Martin Koolhoven’s western-horror hybrid Brimstone is a crazy ambitious piece of work—his bleak tale of revenge is a sprawling epic that unfolds over the course many years, layering it with a unique storytelling twist. In it, wrongly accused of a crime she didn’t commit, a frontier woman turned fugitive is hunted by a vengeful preacher in the dangerous inferno of the old American West.
So I have say that Brimstone was nothing like I thought it would be; it certainly feels like a traditional western, wonderfully capturing how punishing the wild west was, complete with gunslingers, lawmen and and a crazed preacher. The film too was beautifully shot as Koolhoven often allows the landscape to do the talking, sweeping across a vast and stunning world. But it’s that same world in which our mute protagonist is on the run, so it always has the us on our heels knowing that evil is just around the corner. And that’s where Brimstone finds its identity as it blends horror into the narrative. In other words, it’s a straight-up western with the atmosphere and unease of a horror film.
But it’s not what you might think, either. The horror isn’t supernatural or otherworldly, instead it’s subtle and grounded in realism that quietly drifts throughout the story. The horror of the film comes from a deranged preacher that’s been hunting this girl, following her wherever she goes and killing anyone that gets in the way. That’s the film’s hook, too, because he’s the wolf hunting the sheep and his motivations are kept tightly tucked away—why is he after her? It’s a question that the film asks from the very beginning and Koolhoven really lets it sink in; it’s here where the structure of the plot does something truly unique and it almost pays off.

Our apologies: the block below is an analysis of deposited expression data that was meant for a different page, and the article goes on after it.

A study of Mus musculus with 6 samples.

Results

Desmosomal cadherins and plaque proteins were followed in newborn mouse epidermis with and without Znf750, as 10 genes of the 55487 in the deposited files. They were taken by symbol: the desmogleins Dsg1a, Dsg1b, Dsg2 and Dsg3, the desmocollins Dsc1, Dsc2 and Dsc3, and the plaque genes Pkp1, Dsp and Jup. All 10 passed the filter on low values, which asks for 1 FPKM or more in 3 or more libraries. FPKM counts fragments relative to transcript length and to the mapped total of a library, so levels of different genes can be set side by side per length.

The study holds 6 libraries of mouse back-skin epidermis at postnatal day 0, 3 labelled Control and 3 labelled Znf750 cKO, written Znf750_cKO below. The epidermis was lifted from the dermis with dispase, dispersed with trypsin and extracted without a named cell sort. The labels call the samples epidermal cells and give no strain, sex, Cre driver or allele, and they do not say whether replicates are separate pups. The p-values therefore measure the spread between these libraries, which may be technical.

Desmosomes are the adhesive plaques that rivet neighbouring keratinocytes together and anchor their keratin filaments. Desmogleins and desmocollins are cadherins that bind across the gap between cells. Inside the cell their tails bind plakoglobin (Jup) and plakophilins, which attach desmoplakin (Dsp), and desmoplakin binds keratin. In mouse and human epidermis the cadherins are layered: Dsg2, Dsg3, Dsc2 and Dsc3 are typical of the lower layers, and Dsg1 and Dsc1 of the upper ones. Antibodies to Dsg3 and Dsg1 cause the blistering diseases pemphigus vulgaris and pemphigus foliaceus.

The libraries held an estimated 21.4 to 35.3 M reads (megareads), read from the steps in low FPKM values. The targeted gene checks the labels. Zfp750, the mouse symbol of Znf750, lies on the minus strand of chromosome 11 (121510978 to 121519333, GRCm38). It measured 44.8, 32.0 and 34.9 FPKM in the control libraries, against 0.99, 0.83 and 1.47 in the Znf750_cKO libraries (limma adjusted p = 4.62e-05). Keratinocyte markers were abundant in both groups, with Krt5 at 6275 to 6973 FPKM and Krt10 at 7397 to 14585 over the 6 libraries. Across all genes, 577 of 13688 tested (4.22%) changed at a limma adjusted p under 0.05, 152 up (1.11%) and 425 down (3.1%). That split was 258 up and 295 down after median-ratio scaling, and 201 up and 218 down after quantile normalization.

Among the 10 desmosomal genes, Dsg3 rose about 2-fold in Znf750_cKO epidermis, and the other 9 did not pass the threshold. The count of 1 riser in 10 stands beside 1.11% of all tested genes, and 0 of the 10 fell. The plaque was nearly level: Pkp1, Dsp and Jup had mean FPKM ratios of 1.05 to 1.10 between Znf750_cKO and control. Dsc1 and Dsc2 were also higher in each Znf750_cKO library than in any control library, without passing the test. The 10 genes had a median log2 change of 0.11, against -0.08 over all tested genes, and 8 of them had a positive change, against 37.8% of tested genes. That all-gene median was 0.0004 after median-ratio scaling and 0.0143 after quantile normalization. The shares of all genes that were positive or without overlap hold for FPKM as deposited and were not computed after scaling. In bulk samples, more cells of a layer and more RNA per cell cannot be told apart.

Brimstone is told in reverse. It starts with the final act and works its way backwards, revealing more of the story along the way. By the time this epic tale comes to an end—nearly two-and-a-half hours later—it finally circles back to the very beginning and it’s truly an “oh shit” moment if there ever was one. It’s a lot of story to take in, especially after trying to piece it together in reverse, so when it comes full circle it’s really something special because now we finally have the full story. We know why he’s after her and what he wants… and ho-ly-shit.
The problem, however, is that because so much of the film is spent on the past, the final act becomes the least cohesive part of the entire story; Koolhoven simply ran out of road. And it’s a damn shame too because everything leading up to that point was this perfect whirlwind of love and revenge with just a hint of horror that was enough to make the film feel tense and different. Normally a misfire at the end doesn’t bother me that much, but after investing so much time with these characters and the story (remember, this movie is long) I couldn’t help but be disappointed with the ending. And I don’t just mean the last few minutes, I mean the entire final act. It just doesn’t mesh well with everything else that came before it; the best way I can describe it is that it felt rushed, like Koolhoven was desperately trying to wrap it up to keep it from being over 3 hours long. Damn.
That said, Brimstone is absolutely a journey well worth taking for Guy Pearce’s psychotic preacher alone. He’s this terrifying snake-like presence that slithers into the story with the quietness of a monster hiding under a bed. He’s also the crux of the film’s horror, meaning when he shows up, so too does the terror. But that’s not all this movie has to offer—the set pieces are often stunning, the cast is brilliant, and there’s a handful of some gnarly brutality that paints a menacing picture of the old American West.